Beyond the American Society for Reproductive Medicine transfer guidelines: how many cleavage stage embryos are safe to transfer in women ≥43 years old

Transferring five or more day 3 embryos may be a safe option for patients 43 years of age, and is associated with an overall low rate of multiple gestations.


Volume 102, Issue 6, Pages 1626-1632



To determine the number of cleavage-stage embryos that can be safely transferred in women ≥43 years old.


Retrospective cohort.


Academic medical center.


All patients ≥43 years old undergoing transfer of five or more cleavage-stage embryos during the period from January 2004 through April 2012.


In vitro fertilization.

Main Outcome Measure(s):

A total of 567 cycles in 464 patients aged 43–45 years, whose IVF cycles were characterized by transfer of five to eight cleavage-stage embryos were identified. Clinical outcomes and risk of multiples were analyzed, stratifying by age and number of embryos transferred.


Live birth rates per transfer were 14.4%, 9.4%, and 1.3% for women aged 43, 44, and 45 years, respectively. In 43-year-old women, 2.9% (2/69) of pregnancies were triplet gestations (one selective reduction and one spontaneous reduction). Twin birth rate was 16.3%, 6.7%, and 0 (of all live births) for ages 43, 44, and 45 years, respectively. There was no higher order multiple births. Women aged 43 and 44 years having five or more embryos transferred experienced higher clinical pregnancy rates (PRs) than those patients receiving a transfer of three or four embryos. Clinical outcomes for patients undergoing transfer with six or more embryos were not better than those undergoing transfer with five embryos.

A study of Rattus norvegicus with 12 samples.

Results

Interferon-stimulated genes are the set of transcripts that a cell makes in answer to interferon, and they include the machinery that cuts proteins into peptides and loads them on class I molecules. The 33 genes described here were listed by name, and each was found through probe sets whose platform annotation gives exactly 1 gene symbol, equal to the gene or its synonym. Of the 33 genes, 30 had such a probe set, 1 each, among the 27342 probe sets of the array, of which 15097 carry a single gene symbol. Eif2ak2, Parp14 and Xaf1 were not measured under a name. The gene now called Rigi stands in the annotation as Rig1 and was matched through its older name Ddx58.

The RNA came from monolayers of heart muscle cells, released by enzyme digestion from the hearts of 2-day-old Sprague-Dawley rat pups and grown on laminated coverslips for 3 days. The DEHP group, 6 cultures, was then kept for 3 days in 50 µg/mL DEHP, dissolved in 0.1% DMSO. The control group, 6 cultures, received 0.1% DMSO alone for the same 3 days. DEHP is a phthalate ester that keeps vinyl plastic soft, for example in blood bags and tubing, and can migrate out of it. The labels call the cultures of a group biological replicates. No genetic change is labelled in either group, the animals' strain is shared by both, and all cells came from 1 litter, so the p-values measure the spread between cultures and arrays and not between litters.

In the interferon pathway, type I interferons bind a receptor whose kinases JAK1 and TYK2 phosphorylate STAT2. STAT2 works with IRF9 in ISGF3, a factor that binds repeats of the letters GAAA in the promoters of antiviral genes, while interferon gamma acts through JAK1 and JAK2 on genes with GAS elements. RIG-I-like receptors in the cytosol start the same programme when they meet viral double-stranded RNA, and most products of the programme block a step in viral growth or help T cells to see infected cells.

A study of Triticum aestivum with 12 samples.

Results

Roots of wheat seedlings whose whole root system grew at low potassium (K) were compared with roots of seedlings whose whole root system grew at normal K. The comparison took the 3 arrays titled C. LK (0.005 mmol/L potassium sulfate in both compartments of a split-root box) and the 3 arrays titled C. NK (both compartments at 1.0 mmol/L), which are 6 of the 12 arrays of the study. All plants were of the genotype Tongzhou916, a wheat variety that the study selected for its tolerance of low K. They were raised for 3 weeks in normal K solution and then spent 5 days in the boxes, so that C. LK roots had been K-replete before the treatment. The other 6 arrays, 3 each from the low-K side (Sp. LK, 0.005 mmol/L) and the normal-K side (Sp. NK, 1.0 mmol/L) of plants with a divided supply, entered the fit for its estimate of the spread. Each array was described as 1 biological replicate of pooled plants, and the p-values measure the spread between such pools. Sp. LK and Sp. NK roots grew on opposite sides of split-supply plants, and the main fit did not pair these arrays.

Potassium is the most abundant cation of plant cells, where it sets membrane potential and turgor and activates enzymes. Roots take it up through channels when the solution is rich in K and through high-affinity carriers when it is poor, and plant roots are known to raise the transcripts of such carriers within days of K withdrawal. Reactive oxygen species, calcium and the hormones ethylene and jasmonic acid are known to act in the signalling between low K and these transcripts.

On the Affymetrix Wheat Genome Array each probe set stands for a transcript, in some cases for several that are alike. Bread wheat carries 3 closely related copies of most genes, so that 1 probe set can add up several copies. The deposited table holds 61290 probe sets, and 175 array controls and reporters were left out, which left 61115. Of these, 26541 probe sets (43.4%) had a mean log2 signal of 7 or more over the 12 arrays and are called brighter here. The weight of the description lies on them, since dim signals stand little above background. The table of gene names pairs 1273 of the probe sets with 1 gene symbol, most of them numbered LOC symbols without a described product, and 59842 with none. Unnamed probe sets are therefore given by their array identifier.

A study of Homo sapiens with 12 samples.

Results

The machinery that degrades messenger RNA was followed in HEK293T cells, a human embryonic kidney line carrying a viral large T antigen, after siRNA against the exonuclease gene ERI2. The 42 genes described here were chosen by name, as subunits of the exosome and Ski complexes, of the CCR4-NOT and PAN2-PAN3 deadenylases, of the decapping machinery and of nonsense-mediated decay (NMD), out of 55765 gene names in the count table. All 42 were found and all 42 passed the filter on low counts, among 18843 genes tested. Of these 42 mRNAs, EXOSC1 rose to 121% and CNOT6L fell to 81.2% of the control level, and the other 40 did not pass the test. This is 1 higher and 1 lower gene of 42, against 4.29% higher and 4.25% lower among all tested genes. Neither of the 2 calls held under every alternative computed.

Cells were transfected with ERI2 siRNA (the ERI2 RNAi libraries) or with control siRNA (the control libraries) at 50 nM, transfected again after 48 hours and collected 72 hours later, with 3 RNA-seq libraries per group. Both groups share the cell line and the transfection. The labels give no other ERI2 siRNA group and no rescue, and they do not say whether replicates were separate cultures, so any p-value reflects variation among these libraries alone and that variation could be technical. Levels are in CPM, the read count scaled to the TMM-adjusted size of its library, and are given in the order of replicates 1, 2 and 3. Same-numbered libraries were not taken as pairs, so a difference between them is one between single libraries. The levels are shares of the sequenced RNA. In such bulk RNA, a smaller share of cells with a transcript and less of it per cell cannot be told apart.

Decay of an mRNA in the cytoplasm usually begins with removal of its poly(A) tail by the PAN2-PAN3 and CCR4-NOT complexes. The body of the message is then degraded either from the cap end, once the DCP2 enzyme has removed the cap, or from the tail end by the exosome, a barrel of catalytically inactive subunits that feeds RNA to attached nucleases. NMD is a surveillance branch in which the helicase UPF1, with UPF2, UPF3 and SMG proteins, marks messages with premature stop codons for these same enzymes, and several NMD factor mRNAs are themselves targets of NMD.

Transferring five or more day 3 embryos may be a safe option for patients ≥43 years of age, as it is associated with an overall low rate of multiple gestations. Having more than five embryos available for transfer on day 5 is associated with improved IVF outcomes. Whether this benefit is from the additional embryo(s) for transfer or the inherently better prognosis of such patients remains to be determined.


Editorial Office, American Society for Reproductive Medicine

Fertility and Sterility® is an international journal for obstetricians, gynecologists, reproductive endocrinologists, urologists, basic scientists and others who treat and investigate problems of infertility and human reproductive disorders. The journal publishes juried original scientific articles in clinical and laboratory research relevant to reproductive endocrinology, urology, andrology, physiology, immunology, genetics, contraception, and menopause. Fertility and Sterility® encourages and supports meaningful basic and clinical research, and facilitates and promotes excellence in professional education, in the field of reproductive medicine.